For my February feature, I decided to focus on the holiday EVERYBODY cares about during this month - Valentine's Day! Every Saturday I'll pick one book or series, that, no matter how trashy, really put me in the Valentine's Day mood. And this week's choice is...
Vampire Academy by Richelle Mead (Amazon/IndieBound). Before I start talking about the actual book, something must be said: This is one of the WORST YA covers I have. Ever. Seen. I was lent books 1-3 by a friend, and I honestly did not want to be seen in public with them, which was hard, because I couldn't stop reading them! Moving on, did I mention I couldn't stop reading them? Wow. For vampire books, which I generally hate (with the exception of Scott Westerfeld's hilarious Peeps, which probably doesn't count), these were pretty darn good.
Sassy, smoldering, and surprisingly *deep*. I especially liked the moral dilemmas between Moroi, Strigoi, and Dhampir, which kind of helped me to ignore that creepy crawly imagining that I can feel my IQ dropping every time I read a novel with a cover this laughably bad. And Dimitri, Mason, and Christian were all three amazingly, incredibly, YA valentine worthy. There was definitely some sloppy writing going on here, but in February, I don't really care.
Happy Valentine's Day weekend! :-)
February 13, 2010
February 12, 2010
I borrowed this book from my local branch library and received no compensation (monetary or otherwise) for this review whatsoever. (see Disclosure in Accordance with FTC Guidelines)
Impulse by Ellen Hopkins
Associate Links: Amazon/IndieBound
After their titular impulsive suicide attempts are botched by bad luck, good luck, loved ones, or maybe fate, Tony, Connor and Vanessa find themselves exactly where they don't want to be - the teen ward of their local Nevada mental hospital. Now, forced to find their own reasons for living and to come to terms with the reasons that brought them to suicide in the first place, they must learn to trust themselves and each other.
I originally wasn't going to write a review for this one, as it's older and so widely read it doesn't really need the attention. I changed my mind for two reasons: one, I ended up with a nasty flu-induced headache for three days and so didn't get any reading done, and two, I really loved this book and get to write a nice review so rarely that I couldn't pass up the opportunity. So yes, I'm actually writing a positive review. Cue gasping from readers.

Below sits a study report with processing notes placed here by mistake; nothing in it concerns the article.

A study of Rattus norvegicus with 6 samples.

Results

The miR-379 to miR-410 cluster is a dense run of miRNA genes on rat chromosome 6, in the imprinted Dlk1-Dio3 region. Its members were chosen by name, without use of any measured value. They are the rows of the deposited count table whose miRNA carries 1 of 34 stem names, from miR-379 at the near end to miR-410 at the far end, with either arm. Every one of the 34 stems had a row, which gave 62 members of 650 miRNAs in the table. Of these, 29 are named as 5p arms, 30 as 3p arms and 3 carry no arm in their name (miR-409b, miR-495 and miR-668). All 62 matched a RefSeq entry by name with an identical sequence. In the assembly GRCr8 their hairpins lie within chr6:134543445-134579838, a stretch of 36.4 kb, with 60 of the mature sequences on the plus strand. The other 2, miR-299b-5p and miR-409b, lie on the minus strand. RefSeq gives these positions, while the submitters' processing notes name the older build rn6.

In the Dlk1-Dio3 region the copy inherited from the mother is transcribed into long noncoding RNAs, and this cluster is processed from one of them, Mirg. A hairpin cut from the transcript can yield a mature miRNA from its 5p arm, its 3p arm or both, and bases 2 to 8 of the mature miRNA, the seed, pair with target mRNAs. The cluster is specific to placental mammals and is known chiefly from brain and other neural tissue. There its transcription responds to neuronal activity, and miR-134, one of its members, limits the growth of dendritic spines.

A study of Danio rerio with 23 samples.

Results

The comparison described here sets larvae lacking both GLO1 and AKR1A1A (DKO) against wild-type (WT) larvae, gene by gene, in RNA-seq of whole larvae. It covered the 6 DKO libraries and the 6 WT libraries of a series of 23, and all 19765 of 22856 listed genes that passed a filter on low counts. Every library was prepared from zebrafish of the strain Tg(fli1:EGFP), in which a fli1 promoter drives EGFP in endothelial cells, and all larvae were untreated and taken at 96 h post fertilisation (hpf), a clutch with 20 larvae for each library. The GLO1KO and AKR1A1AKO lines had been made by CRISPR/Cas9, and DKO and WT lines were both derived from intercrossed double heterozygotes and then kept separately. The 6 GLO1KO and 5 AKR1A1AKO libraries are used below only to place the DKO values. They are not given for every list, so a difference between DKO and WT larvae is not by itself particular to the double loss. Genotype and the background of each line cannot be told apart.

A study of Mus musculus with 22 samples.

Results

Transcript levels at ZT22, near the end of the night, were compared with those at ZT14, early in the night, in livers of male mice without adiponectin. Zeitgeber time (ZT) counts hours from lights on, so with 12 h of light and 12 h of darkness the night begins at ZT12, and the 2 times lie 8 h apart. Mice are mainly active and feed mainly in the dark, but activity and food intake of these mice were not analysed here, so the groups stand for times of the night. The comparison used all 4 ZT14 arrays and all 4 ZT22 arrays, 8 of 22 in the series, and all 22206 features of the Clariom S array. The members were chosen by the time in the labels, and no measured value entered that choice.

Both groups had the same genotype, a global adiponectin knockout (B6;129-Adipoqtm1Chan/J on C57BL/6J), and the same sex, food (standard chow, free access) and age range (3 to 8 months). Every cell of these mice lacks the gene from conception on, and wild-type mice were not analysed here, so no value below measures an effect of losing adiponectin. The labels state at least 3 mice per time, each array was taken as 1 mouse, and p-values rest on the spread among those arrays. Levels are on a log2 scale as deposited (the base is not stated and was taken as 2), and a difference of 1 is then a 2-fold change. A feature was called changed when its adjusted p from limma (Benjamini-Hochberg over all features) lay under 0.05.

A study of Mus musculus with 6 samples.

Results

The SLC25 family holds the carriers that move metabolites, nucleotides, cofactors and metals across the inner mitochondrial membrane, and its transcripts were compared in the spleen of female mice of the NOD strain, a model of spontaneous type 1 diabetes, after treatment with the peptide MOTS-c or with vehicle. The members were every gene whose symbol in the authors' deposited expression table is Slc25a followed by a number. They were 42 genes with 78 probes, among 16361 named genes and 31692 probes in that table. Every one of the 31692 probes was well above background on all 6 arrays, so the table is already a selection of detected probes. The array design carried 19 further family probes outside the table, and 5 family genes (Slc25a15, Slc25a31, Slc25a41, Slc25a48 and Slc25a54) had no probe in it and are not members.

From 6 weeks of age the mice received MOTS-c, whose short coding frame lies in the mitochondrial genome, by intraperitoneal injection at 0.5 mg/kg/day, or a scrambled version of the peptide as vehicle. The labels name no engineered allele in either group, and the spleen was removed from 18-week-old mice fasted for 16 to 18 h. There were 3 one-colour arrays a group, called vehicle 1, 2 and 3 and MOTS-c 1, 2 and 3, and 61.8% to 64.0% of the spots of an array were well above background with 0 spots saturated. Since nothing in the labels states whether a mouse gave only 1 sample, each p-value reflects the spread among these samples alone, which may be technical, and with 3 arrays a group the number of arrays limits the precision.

I actually preferred this novel to Crank and Glass, even though I think that Hopkins's trademark verse style lent itself better to Kristina's "monster" than Tony, Connor and Vanessa's slightly less potent "monsters". I didn't prefer it until the end, which, to avoid spoilers, I can't really talk about. Suffice to say it was really, really good and maybe even made me cry a little. It was somehow predictable without being predicted - perhaps the word is inevitable? Anyway, it just worked, Hopkins style: resolution without closure, and definitely not a happy ending.
My second-favorite part of this novel was the characters: to use a gratuitous Shrek analogy, they were a lot like onions. Every chapter seemed to peel back a few more layers, keeping you interested without leaving you confused, until at the end you're finally left with the answers. Which is talking about the end again.
Anyway, if Ellen Hopkins wasn't so freaking depressing (which is the definite downside to her books), I'd read her all the time, because I've yet to find someone who captures the dark side of teendom quite so well. I just like to visit the light side every once in awhile, too.
The Final Verdict: Raw and searing, with a perfect ending - my favorite of Ellen Hopkins's books so far. Four out of five stars.